How is Sparkling Wine Produced?

How is Sparkling Wine Produced?

The science behind each sparkling wine production method involves distinct processes that contribute to the development of bubbles, flavors, and aromas.

Although traditionally Chardonnay and Pinot Noir are the most common sparkling wine varieties, it's important to note that many New World winemakers have more flexibility in their grape choices. Popular varieties such as Sauvignon Blanc and Chenin Blanc are often used, and blending different varieties to achieve the desired flavor profile and balance is also very common.

Factors such as yeast strain, fermentation temperature, grape composition, and aging conditions all influence the final wine. The meticulous control of these variables by winemakers determines the style, flavor profile, and quality of the sparkling wine produced.

Traditional Method (Méthode Traditionnelle)

The Lowestoft, Thalia and Yilgarn sparkling wines are produced using this method.

The Traditional Method, synonymous with the prestige of Champagne, is a meticulous process that begins with the creation of a base wine, usually produced from Chardonnay and/or Pinot Noir. Chardonnay contributes elegance and acidity, while Pinot Noir adds body and richness.

Following primary fermentation, a mixture of yeast and sugar, known as liqueur de tirage, is added to induce a second fermentation within the bottle. The wine then undergoes a period of aging on lees (dead yeast cells and other sediment), contributing complexity and texture to the final wine. Autolysis, the breakdown of dead yeast cells, also imparts creamy and toasty notes.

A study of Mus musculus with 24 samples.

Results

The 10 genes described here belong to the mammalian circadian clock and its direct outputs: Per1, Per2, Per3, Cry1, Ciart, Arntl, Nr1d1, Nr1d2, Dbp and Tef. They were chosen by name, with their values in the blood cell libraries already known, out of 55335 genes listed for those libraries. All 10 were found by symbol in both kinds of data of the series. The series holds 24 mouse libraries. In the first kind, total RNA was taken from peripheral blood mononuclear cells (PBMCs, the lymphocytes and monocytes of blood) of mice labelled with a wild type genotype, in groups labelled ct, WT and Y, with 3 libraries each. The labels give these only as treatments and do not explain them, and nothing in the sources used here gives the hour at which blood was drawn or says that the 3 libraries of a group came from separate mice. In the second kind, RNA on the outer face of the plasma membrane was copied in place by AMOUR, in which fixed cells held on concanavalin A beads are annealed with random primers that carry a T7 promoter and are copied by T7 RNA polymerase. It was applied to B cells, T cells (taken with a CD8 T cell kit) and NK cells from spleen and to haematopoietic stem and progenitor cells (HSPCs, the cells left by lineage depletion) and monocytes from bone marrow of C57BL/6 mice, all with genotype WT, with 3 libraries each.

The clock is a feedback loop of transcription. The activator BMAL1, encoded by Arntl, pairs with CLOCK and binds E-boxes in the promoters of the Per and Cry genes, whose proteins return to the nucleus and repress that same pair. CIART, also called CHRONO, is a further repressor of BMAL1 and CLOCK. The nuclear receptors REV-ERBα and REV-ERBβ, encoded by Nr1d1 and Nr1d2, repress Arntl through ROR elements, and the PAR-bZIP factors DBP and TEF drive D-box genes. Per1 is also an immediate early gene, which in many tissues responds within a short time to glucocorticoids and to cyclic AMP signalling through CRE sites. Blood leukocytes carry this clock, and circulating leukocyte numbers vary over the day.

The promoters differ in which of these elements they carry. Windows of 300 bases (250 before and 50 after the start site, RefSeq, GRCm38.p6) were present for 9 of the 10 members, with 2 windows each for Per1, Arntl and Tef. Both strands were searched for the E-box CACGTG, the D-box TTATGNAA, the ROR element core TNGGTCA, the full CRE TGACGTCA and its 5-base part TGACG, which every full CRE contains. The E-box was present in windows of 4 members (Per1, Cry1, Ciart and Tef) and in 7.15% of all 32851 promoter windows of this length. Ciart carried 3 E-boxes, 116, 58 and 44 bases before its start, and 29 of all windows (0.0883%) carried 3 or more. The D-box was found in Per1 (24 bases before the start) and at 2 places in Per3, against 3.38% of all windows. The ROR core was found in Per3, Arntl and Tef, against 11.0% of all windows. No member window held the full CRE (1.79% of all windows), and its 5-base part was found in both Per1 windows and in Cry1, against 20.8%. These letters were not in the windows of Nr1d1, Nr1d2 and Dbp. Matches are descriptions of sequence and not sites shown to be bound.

Once maturation is complete, the sediment is removed through a process called disgorgement, and a dosage (sugar, or a mixture of wine and sugar) is added to achieve the desired sweetness level.

Fun Fact:

Did you know that a standard Champagne bottle contains approximately 49 million bubbles?

Charmat Method

The Strelley Farm Estate sparkling wines are produced using this method.

Also known as the Tank Method, the Charmat Method offers a more straightforward, efficient approach.

After primary fermentation, the base wine is transferred to a pressurised tank and a mixture of sugar and yeast is added to induce secondary fermentation. This method preserves fresh fruit and floral characters, without the extended lees aging typical of the Traditional Method. Once fermentation is complete, the sealed tank traps carbon dioxide, creating bubbles in the wine.

Fun Fact: 

This method is responsible for the fruity and floral notes found in many Proseccos.

Carbonation Method

The Carbonation Method is the most straightforward production technique, introducing carbon dioxide directly into still wine to create bubbles. While this method is more cost-effective and yields a simpler profile, it lacks the depth and complexity associated with prolonged lees aging in the bottle, making it a popular choice for more easy-drinking sparkling wine styles.

Fun Fact:

The Carbonation Method is the same process used to carbonate your favorite fizzy drinks.

Transfer Method

The Transfer Method combines elements of both the Traditional and Charmat methods.

Similar to the Traditional Method, secondary fermentation occurs in the bottle, contributing to the wine's complexity. However, after this stage, the wine is transferred to a separate tank to eliminate sediment, streamlining the production process and avoiding the labor-intensive disgorgement of individual bottles.